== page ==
In Age-sexist Bollywood, '90s Heroes are Still Superstars While Heroines Judge Reality Shows

Lack of good offers has relegated popular actresses like Madhuri Dixit, Shilpa Shetty and Raveena Tandon to reality shows judge and brand endorsement roles.

Women have been struggling to get their due space both on screen and off in Bollywood for years. Films are largely driven by the star power of actors, who are considered a safer bet at the box office. Irrespective of age or genre, male stars have the upper hand in terms of longevity and appeal in the industry. While a Salman Khan is still ‘dabangg’ at 50, his contemporary actresses hardly enjoy the same following. An actor can easily move on to a younger heroine, while ageist and sexist Bollywood will struggle to find lead pairs for middle-aged actresses.

Producers continue to bet big bucks on Salman Khan, Ajay Devgn and Akshay Kumar, whose star appeal has remained strong for over three decades. They command the biggest releases every year and generate immense business at the box office. Irrespective of scripts or directors, their faces on a poster are enough to sell tickets.

Ruling the ’90s alongside these male stars were the likes of Madhuri Dixit, Shilpa Shetty, Karisma Kapoor, Kajol and Raveena Tandon. They have delivered stellar performances, danced in countless hit songs and kicked off fashion trends with their movies, but they were always relegated to second class citizens in B-Town.

While their big screen appearances have gotten fewer, television has embraced the charm and nostalgia of the ’90s to sign up these actresses. Almost every reality show has an actress from that era on its judging panel.


Shilpa Shetty ventured into reality television in 2006 with the dance reality show Jhalak Dikhhla Jaa. In early 2007, she won international fame with the fifth season of the UK reality show Celebrity Big Brother. This was followed by her hosting the second season of the reality show Bigg Boss. Shetty has since taken on the role of judge on several Indian dance reality shows such as Zara Nachke Dikha (2010), Nach Baliye (2012–20) and Super Dancer (2016–present). Her last acting role was in 2007’s Apne; Shilpa is set to make a comeback with Nikamma and Hungama 2.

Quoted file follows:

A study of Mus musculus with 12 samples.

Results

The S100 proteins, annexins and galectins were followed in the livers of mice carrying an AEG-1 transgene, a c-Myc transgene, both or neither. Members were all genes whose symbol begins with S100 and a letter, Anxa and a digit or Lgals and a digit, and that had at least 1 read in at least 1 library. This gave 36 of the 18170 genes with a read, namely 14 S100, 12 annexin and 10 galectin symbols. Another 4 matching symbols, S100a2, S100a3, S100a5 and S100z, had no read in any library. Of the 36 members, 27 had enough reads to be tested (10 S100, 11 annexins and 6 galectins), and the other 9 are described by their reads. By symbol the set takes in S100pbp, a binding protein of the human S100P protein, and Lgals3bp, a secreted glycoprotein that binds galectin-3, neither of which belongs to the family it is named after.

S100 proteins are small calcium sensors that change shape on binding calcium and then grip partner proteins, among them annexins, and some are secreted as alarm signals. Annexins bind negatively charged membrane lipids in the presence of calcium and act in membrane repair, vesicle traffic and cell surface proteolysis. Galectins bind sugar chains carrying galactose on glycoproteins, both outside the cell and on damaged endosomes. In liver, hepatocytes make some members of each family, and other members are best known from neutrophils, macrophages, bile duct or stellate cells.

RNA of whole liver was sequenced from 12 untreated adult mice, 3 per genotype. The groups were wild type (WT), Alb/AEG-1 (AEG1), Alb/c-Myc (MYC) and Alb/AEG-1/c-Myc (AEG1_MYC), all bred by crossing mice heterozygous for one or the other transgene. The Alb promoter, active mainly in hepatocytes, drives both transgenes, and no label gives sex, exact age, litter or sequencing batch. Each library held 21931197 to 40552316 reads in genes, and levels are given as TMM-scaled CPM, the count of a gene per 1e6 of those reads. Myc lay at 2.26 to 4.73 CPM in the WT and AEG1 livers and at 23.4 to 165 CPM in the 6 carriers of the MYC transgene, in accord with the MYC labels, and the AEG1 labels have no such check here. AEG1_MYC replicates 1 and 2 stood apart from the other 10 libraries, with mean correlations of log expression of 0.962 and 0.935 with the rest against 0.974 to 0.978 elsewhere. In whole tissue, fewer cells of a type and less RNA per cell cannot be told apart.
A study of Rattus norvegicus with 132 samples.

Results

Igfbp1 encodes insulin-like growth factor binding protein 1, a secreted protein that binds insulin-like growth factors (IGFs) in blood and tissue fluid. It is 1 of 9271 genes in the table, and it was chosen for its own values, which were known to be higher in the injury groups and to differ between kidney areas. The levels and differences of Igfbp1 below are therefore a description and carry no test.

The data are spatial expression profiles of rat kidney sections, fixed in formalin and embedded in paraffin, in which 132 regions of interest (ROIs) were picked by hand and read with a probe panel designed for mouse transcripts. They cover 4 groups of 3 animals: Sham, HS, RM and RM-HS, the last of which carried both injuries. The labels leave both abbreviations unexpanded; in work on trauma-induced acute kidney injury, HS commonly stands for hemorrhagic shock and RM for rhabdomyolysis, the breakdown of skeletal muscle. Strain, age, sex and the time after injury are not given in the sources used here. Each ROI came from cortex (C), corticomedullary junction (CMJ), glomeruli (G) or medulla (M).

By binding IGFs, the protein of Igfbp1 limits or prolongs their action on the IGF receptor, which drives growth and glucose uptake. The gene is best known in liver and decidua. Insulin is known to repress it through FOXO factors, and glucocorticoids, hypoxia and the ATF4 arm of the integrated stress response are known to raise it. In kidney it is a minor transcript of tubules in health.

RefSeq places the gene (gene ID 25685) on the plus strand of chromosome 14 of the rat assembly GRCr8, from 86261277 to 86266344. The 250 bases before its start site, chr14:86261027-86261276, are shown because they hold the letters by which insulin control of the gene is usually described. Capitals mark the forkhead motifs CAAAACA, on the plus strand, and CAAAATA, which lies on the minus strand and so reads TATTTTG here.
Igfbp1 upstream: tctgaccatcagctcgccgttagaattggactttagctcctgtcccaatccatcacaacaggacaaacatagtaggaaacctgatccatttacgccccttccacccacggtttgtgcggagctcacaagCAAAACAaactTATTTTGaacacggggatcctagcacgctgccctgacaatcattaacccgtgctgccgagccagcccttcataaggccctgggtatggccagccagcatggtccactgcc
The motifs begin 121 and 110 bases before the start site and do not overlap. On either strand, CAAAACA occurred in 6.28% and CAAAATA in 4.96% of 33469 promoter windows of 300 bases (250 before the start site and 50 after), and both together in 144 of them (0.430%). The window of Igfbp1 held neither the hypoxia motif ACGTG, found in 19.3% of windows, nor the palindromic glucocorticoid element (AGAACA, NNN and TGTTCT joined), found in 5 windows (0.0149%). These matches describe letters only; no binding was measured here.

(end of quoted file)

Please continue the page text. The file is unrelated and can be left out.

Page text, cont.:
Raveena Tandon, who starred in several top grossing films in the ’90s, got married in 2004 and had a daughter two years later. She took a break from films and some of her delayed films were released during this time. Raveena ventured into television as a judge on several reality dance shows and hosted her own talk shows Isi Ka Naam Zindagi (2012) and Simply Baatien With Raveena (2014). She judged Sabse Bada Kalakar in 2017 and Nach Baliye 9 in 2019. Her next film release is KGF Chapter 2.

There was a time when an actress’ career was considered over once they got married. New-age actresses like Anushka Sharma and Kareena Kapoor Khan have broken that myth. You do not have to necessarily choose one over the other. Kareena also broke the stereotype that ‘reality show judge’ is a tag for out-of-work actresses by featuring on one season of Dance India Dance.

Filmmaking in Bollywood has also changed, scripts are now being written with middle-aged actresses in the lead as storytelling expands beyond genres of boy-meets-girl and masala entertainers. You do see the audience cheering when Rani Mukerji beats up goons in Mardaani, or be part of Kajol’s dysfunctional family in Tribhanga. But the gap between the scale of their projects and that of their male contemporaries is so huge that it is hard to say if it will ever be bridged.